About 20 percent of Americans report that they experience some amount of hearing loss. Patients with hearing impairments, and their families, understand deeply how hearing loss affects not only the individual but their connections with the world and their community. October is designated as Audiology Awareness Month and it is a wonderful opportunity to stress the importance of hearing health and learn more about how to protect your hearing.
Hearing loss does not need to be an acceptable consequence of aging. Regular screenings, diagnostic tests, and early education are helping many people prevent hearing damage before it’s too late. Here are some questions you should consider when evaluating your hearing.
1. What Causes Hearing Loss?
Hearing loss can occur due to many factors including genetics/family history, excessive noise, trauma, inner and middle ear disorders, infections, and certain medications. For many people signs and symptoms are so gradual that they do not notice them until they are already at an advanced stage of hearing impairment.
Exposure to excessive noise is the most common contributor to hearing decline. Generally, the loss of someone’s hearing is influenced by their amount of exposure to noise, its average sound level, and the peak level of these noises. Age-related hearing loss is caused by changes in the inner ear that occur as you age. The loss can be mild or severe but it is always permanent. In extreme cases, one moment of intense noise can cause permanent damage, but this is rare.
2. Are You at Risk?
You may think only people who work in industries with high levels of daily noise have to worry about their long-term hearing health—but this is a myth. We tend to think of excessive noise when we think of construction, machinery or firearms, but harmful noises are much more common, including:
- Power tools
- Lawn care equipment
- Sports cars
- Sporting events
- Loud stereo systems
Over time, almost everyone has been exposed to levels of noise that can affect their hearing. If you work in a loud environment ear protection should be provided. Also, if you are going to be around loud noise consider bringing ear plugs or other noise-cancelling devices. Remember, some people are more susceptible to noise-induced hearing loss than others, which is why it’s important to talk to an audiologist about your risks and get your hearing tested regularly.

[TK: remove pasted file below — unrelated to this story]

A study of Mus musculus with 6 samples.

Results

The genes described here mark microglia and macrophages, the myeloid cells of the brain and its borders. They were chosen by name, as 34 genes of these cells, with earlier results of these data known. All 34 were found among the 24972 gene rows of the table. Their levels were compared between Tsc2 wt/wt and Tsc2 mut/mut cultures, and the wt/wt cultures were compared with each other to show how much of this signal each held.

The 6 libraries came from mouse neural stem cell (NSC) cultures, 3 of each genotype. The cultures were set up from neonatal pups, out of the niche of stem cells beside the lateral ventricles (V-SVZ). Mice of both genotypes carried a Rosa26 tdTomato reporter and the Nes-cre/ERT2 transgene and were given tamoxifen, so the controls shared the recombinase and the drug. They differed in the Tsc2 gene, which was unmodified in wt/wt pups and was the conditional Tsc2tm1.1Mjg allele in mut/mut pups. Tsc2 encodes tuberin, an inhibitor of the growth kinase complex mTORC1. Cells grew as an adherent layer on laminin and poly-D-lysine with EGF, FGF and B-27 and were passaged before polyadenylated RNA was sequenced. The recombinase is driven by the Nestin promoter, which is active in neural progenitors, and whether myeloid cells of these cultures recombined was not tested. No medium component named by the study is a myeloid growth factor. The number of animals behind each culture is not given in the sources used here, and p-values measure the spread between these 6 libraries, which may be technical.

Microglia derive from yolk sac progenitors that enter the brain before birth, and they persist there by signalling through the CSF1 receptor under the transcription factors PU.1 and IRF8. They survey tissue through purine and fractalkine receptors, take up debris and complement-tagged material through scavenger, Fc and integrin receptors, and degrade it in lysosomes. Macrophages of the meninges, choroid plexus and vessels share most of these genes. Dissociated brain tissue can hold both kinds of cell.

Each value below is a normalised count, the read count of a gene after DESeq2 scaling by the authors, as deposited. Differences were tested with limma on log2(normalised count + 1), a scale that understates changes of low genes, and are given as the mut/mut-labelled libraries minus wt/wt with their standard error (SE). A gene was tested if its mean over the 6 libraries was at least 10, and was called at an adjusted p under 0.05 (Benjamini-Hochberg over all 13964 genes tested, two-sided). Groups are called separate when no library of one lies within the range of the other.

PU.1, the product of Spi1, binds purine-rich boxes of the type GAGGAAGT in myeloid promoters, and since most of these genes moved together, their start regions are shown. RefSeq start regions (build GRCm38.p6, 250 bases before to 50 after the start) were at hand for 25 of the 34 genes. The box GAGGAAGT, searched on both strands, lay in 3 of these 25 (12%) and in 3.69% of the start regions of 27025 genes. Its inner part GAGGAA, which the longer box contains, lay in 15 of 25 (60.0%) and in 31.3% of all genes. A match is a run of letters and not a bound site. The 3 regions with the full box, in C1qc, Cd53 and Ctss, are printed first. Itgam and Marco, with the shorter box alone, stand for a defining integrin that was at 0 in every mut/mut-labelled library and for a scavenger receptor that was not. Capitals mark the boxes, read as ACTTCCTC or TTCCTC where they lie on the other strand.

3. When Should I Ask For Help?
Hearing loss can affect anyone and many people miss the signs and symptoms. Some of the common first signs of hearing impairment are:
- Difficulty understanding others (speech appears muffled or garbled)
- Asking other to repeat themselves frequently
- Having a hard time distinguishing background noise from speech
- Others complaining about your volume levels when using electronics or playing music
- Tinnitus (ringing in the ears)
Regular monitoring is invaluable when trying to identify problems as soon as possible and understanding your risk of hearing damage. A doctoral-level audiologist can help evaluate, diagnose, treat, and manage hearing loss and balance issues. They are the experts in hearing care and can give you the best insight into your hearing health.
If you’ve noticed changes in your hearing or are concerned about your work environment, it’s time to book an appointment with a local audiologist. Learning more about your hearing health not only helps ease your mind but also starts important conversations with loved ones. Too many people wait years before they seek out help to diagnose and treat their hearing problems. Take control over your hearing health and book an appointment today.